By Yamil Berard




The electronic vaporizing devices, also known as e cigs, joined the list of prohibited conduct that includes weapons and abusive language.

The policy revision bans electronic cigarettes &#x201C or any electronic vaporizing devices of any kind&#x201D from school district property. Superintendent Walter Dansby recommended the revision.

The vote was 6 0. Trustees Ann Sutherland and Ashley Paz were absent. Trustee Judy Needham abstained.

At least one other district in North Texas, the Desoto school district, has a similar policy, according to news reports.

No students spoke to ask trustees to rethink their decision. But a school employee was there.

Ben Salaz, a print shop supervisor, said he depends on e cigarettes to help him quit smoking regular cigarettes. He urged the board to apply the ban to students only.

&#x201C Rather than have a blanket ban on e cigarettes from school property, let&#x2019 s consider an age stipulation,&#x201D Salaz said to trustees.

&#x201C I am a smoker, and I have been for over 40 years,&#x201D Salaz said. &#x201C Not being able to use this device at my workplace is going to make it harder to quit.&#x201D

Critics of the devices say e cigarettes contain nicotine and are addictive.

Yamil Berard, 817 390 7705 Twitter yberard

Regulating e-cigarettes: science or politics?


It has been known for 60 years or more that tar and many of the hundreds of chemicals in tobacco smoke damage nearly every organ in the body. They cause or contribute to many types of cancer. They cause cardiovascular disease and respiratory disease. Smoking can make it more difficult for a woman to become pregnant and can affect a baby s health. Smoking can reduce a man s fertility. This is just a partial list of health affects and dangers. The health dangers of secondhand tobacco smoke are also well established.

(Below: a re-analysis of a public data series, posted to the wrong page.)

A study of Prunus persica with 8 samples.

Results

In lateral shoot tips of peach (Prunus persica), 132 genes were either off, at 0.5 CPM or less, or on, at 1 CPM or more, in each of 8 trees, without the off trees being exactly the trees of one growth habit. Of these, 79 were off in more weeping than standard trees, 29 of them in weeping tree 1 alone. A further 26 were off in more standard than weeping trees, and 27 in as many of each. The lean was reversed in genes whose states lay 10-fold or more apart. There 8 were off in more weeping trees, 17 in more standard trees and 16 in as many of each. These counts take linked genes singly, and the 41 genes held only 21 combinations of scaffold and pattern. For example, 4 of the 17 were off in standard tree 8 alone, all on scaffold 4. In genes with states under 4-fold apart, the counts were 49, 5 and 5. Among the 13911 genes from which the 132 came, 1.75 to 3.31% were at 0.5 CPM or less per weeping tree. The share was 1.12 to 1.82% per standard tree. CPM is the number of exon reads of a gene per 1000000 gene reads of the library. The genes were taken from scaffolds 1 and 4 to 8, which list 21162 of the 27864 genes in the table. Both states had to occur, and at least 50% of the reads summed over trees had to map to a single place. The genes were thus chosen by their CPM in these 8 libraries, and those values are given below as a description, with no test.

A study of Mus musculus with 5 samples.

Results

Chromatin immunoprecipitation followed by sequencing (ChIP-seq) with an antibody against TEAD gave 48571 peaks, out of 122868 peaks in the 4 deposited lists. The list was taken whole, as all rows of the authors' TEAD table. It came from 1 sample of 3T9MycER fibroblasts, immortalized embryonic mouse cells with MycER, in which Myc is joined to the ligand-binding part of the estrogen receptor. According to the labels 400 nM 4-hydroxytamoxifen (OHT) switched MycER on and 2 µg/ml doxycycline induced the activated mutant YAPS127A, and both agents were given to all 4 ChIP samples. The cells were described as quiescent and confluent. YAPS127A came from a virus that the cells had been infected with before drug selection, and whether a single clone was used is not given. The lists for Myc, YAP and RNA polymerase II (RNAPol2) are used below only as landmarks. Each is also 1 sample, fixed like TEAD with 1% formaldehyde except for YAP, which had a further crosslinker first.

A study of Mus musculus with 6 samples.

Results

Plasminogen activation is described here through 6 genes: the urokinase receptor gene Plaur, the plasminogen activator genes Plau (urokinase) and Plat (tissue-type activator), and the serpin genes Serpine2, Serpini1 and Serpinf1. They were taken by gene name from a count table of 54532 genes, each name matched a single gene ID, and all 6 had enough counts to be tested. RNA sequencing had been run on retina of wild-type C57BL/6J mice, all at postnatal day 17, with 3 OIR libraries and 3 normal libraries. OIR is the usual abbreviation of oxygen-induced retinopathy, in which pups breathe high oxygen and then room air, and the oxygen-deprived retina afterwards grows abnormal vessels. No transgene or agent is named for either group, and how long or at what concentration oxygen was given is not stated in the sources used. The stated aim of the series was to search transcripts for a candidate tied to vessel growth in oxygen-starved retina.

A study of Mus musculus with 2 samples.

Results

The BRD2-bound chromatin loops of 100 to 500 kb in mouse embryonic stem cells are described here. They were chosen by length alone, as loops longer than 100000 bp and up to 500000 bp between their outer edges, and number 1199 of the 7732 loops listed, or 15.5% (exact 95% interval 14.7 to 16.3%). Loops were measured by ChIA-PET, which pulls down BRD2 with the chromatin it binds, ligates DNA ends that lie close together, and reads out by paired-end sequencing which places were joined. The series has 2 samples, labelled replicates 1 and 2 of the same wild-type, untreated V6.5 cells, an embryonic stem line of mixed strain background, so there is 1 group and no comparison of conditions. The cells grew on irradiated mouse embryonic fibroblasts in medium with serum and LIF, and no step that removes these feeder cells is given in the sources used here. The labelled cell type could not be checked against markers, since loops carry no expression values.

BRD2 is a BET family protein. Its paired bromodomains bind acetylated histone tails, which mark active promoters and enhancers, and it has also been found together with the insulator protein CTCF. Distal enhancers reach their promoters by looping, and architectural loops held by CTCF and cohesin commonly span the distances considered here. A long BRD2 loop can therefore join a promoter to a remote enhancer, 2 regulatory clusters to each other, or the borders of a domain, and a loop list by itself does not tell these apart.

But electronic cigarettes contain only nicotine, whatever artificial flavorings might be added by the manufacturer and a handful of other chemicals generally believed not to be hazardous to health. Nicotine is highly addictive and that alone is a significant concern, particularly regarding the use of e cigarettes by young people. Nicotine also constricts blood vessels, raising blood pressure. Doing that 20 times a day the equivalent of a pack of traditional cigarettes can t be healthy. But nicotine is not known to cause cancer or the other health problems associated with cigarettes. If there are other health impacts, they are simply unknown. And unlike tobacco smoke, secondhand e cig vapor is not known to be a health hazard. Nor does it make your clothes and hair smell and it is not generally offensive to those nearby, inside or out.

On the plus side for e cigarettes, there is evidence that they can be used to help quit smoking you can buy them with progressively lower levels of nicotine, working down to zero.

But there also is fear that e cigs will be considered safe or cool by young people in particular, leading them to get hooked on e cigs and then gateway to the real thing, tobacco.

Those concerns are valid and make clear the need for federal regulation of how e cigarettes are made, how they are marketed and how they are sold and taxed. A ban on e cigarette sales to minors and on Internet sales seems prudent.

But the need for state or local regulations on where e cigarettes can be smoked is less clear. The San Diego County Board of Supervisors and the cities of Vista, Carlsbad, Solana Beach, Encinitas, Poway, La Mesa, El Cajon and Lemon Grove have either already included e cigs with regular tobacco cigarettes in their smoking control ordinances, or are considering doing so.

The San Diego proposal, offered by Councilman Mark Kersey, would do the same. It will be considered by the council s Public Safety and Livable Neighborhoods Committee on Wednesday.

The question is whether such restrictions are scientifically warranted, or simply driven by cultural politics.